Living to 100: How to keep the nest egg from cracking

Fifty years ago, only about 3,300 Americans had made it to 100 years old. Now, Florida alone has more centenarians than that collecting Social Security checks. Financial advisers say more clients should plan for their money to last 30 years or more in retirement and many South Floridians may need to rethink how long their savings will to last. "We just had a client who died at 108," said Boca Raton financial planner Alan Galinsky. "If we don't plan long enough for our clients, their assets will exceed their life expectancy. What do we say then? Oops! Sorry!" [Source: South Florida Sun-Sentinel]


Florida Trend Exclusive
South of the Border

While Europe stands out as a volatile investment market, Latin America has drawn the attention of investment strategists, who are particularly bullish on Brazil, with its growing middle class, low unemployment and large-scale projects in preparation for the 2014 World Cup and 2016 Olympic Games. Read more...


Web widens on infamous Florida land swindle

While Natalia and Victor Wolf are known for their massive land swindle on Florida’s Gulf Coast, records just filed in Miami-Dade civil court show they left a far deeper trail of fraud, leaving stunned victims across the state. Though law enforcement agencies in two counties probed the fugitive couple, records now show they left their mark in twice as many places before vanishing five years ago. [Source: Miami Herald]


South Florida home-building on the way back

Buyers looking for a brand new home are likely to have more to choose from this year. New home construction is expected to rise 15 to 20 percent over the 1,319 homes started in 2011 across Palm Beach County, according to Brad Hunter, South Florida director of the Metrostudy research firm. "People are more optimistic and ready to buy," he said. [Source: South Florida Sun-Sentinel]


Florida Trend Exclusive
Southwest Florida Economic Indicators

Manufacturing shows promise in Sarasota and Bradenton while strong job growth and a declining inventory of homes for sale provide a ‘flicker of light’ in Naples.

Southwest Florida

More Southwest Florida Economic Indicators...


ALSO AROUND FLORIDA:

› Teaching kids to save
Money experts say teaching kids to save has more benefits than a heavier piggy bank. “The biggest thing is that it teaches self-control. In today’s world, with all of the immediate gratification that video games, technology and the like bring, learning self-control is significant for long-term success,” said Laura Fisher, executive director of the American Banking Association Education Foundation.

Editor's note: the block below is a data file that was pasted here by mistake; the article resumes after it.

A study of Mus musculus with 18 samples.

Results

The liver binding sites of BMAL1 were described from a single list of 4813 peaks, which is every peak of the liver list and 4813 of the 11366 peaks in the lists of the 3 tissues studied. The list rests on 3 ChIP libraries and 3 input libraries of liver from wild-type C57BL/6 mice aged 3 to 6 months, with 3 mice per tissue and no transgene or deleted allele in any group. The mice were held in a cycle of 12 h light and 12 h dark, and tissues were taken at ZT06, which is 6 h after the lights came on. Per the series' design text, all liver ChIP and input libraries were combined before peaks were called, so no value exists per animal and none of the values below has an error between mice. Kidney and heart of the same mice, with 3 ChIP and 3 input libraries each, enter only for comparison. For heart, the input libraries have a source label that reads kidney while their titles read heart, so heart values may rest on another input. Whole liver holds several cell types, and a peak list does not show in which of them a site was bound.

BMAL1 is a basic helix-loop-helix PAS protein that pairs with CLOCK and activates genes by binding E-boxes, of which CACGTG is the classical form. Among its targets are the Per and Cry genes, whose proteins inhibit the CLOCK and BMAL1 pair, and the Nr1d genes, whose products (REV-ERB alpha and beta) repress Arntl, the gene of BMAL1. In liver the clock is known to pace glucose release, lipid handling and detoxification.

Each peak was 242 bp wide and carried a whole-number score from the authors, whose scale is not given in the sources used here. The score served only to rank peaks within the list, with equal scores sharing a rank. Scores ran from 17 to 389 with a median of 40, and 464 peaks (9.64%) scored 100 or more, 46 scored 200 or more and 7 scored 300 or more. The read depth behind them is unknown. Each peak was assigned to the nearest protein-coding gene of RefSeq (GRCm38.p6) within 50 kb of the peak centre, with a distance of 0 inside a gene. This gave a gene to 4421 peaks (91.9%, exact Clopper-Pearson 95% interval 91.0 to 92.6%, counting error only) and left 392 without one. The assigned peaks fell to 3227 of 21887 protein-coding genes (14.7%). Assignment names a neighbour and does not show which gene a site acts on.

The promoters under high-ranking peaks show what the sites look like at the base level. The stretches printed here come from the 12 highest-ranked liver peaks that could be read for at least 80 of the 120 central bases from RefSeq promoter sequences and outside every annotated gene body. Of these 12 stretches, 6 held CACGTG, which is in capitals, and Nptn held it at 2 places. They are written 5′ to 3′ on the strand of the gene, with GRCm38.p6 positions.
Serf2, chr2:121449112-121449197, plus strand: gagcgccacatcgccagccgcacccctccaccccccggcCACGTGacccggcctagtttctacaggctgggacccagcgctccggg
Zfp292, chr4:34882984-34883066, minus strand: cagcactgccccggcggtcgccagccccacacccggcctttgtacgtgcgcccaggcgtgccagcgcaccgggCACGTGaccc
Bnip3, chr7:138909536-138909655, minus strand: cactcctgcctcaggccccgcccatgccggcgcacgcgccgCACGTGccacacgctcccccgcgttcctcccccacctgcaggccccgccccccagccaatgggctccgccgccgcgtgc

› Battle brews between craft beer market and taxi tycoon
A tiny vacant lot that's been abandoned for more than a decade is now at the literal center of a turf war between a small neighborhood market and Broward's taxi czar. On one side of the property battle is the Riverside Market Café, a deli market and craft beer shop widely credited for helping revive Fort Lauderdale's Riverside Park neighborhood. On the other side is a small office building owned by Broward taxi mogul Jesse Gaddis, one of the county's most influential businessmen and frequent political campaign contributor.

› Hispanic conference in Miami aspires to be another South by Southwest
For the first time, a four-day conference highlighting Hispanic public relations, social media, marketing, advertising, blogging, filmmaking and entertainment, is coming to Miami next week.

› Tourism gets lift from state budget earmarks
The 2012-13 state budget sure looks like a good one for Central Florida's tourism industry. The proposed state spending plan recently approved by the Florida Legislature includes millions in funds for transportation projects throughout the area's tourist corridor.


The failure of the U.S. nuclear power program ranks as the largest managerial disaster in business history, a disaster on a monumental scale. The rant of an antinuclear activist? Hardly. It was the first sentence of an in-depth story in a conservative business magazine, Forbes. In 1985.

› 2 First Coast men 'living a dream' running surf camp in Nicaragua
So you think you want to run a surf camp in a tropical paradise? Be warned: It isn't all surfing and hammocks and cans of Tona beer at sunset.

› Unpopular no-fault auto insurance mandate hangs on in Florida
Dumping no-fault insurance saved Colorado drivers 35 percent on their auto premiums, but Florida motorists won't get the chance to find out what that feels like this year. Once he gets the bill, Florida Gov. Rick Scott is expected to approve an insurance law that would stiff massage therapists and acupuncturists but generally preserve a $2 billion-plus government-mandated coverage defended by hospital and insurance lobbyists.

› Developer and philanthropist Nathan Benderson dies
Nathan Benderson, who leveraged a bottle-salvaging company he created as a teenager into one of the nation's largest privately held real estate companies, died early Saturday. He was 94. Benderson, who moved Benderson Development Co.'s headquarters from Buffalo, N.Y., to southern Manatee County in 2004 — becoming one of the region's largest employers and most significant landowners — was involved with the company until his death.